Women in the U.S, are not informed about their options regarding emergency contraception, according to a recent report in the New England Journal of Medicine.
Emergency contraception is highly effective in preventing pregnancy, yet women remain largely unaware of its potential. The study said increased awareness and easier access to emergency contraceptive services could drastically reduce the number of abortions and unwanted pregnancies that occur each year.
Emergency contraception involves taking two doses of birth control pills 12 hours apart within the first 72 hours after unprotected sex or contraceptive failure. The pills contain estrogen and progesterone, hormones that prevent the implantation of fertilized eggs and induce menstruation, and are 99% effective in preventing pregnancy. Doctors recommend taking anti-nausea medication to counter common side effects such as nausea, vomiting and breast pain.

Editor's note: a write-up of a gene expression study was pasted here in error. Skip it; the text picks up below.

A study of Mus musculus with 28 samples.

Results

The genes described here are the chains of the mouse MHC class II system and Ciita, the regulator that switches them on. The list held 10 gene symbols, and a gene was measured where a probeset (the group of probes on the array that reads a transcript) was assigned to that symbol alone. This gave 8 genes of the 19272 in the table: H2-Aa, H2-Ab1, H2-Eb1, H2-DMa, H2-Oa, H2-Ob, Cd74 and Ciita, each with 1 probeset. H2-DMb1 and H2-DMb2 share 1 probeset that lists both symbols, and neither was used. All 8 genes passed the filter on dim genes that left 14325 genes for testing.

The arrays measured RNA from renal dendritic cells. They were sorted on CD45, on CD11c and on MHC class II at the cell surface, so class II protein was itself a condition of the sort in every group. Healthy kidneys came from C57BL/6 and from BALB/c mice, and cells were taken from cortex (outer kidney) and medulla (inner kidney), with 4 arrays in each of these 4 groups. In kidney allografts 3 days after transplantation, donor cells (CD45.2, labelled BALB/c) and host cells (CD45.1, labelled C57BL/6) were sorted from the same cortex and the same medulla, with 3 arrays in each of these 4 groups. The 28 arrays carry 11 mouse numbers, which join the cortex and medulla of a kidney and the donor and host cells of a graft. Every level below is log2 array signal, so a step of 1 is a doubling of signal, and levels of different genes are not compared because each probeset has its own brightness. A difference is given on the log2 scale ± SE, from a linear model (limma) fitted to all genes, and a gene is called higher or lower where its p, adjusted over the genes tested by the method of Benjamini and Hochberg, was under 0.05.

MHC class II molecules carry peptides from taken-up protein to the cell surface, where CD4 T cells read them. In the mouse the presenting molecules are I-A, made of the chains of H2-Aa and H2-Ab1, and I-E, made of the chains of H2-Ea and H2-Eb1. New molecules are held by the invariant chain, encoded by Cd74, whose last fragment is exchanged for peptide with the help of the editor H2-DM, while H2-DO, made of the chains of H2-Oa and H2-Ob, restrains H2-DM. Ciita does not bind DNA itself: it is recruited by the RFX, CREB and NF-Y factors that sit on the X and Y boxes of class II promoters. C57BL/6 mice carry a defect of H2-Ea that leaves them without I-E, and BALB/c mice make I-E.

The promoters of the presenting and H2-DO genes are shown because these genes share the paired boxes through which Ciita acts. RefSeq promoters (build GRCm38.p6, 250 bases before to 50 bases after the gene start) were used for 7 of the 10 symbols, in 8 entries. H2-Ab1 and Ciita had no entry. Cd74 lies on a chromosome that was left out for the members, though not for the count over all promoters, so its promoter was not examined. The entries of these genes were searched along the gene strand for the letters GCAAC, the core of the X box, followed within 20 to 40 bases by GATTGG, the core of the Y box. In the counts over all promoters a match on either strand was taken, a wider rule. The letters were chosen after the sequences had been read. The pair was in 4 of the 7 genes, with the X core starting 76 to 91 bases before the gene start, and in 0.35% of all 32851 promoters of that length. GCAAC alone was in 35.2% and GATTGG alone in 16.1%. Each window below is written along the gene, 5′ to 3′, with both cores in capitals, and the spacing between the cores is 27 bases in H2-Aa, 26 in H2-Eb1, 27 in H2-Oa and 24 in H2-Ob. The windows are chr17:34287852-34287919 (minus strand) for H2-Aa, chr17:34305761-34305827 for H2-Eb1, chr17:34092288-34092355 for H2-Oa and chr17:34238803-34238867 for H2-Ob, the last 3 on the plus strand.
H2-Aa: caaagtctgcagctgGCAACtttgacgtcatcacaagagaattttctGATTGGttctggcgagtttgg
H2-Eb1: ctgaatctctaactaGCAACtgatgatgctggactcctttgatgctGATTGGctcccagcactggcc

Dr. Anna Glasier of the University of Edinburgh said making the distinction between emergency contraception and abortion better understood would help increase use of emergency contraception among health care providers and potential users. She explained that preventing the implantation of an egg which may have been fertilized is different from abortion, which removes an already-implanted embyro.
The Reproductive Health Technologies Project and the Bridging the Gap Foundation have set up a hotline for information on EC: 1-888-668-2528. Princeton’s Office of Population Research has a website on emergency contraception at http://opr.princeton.edu/ec.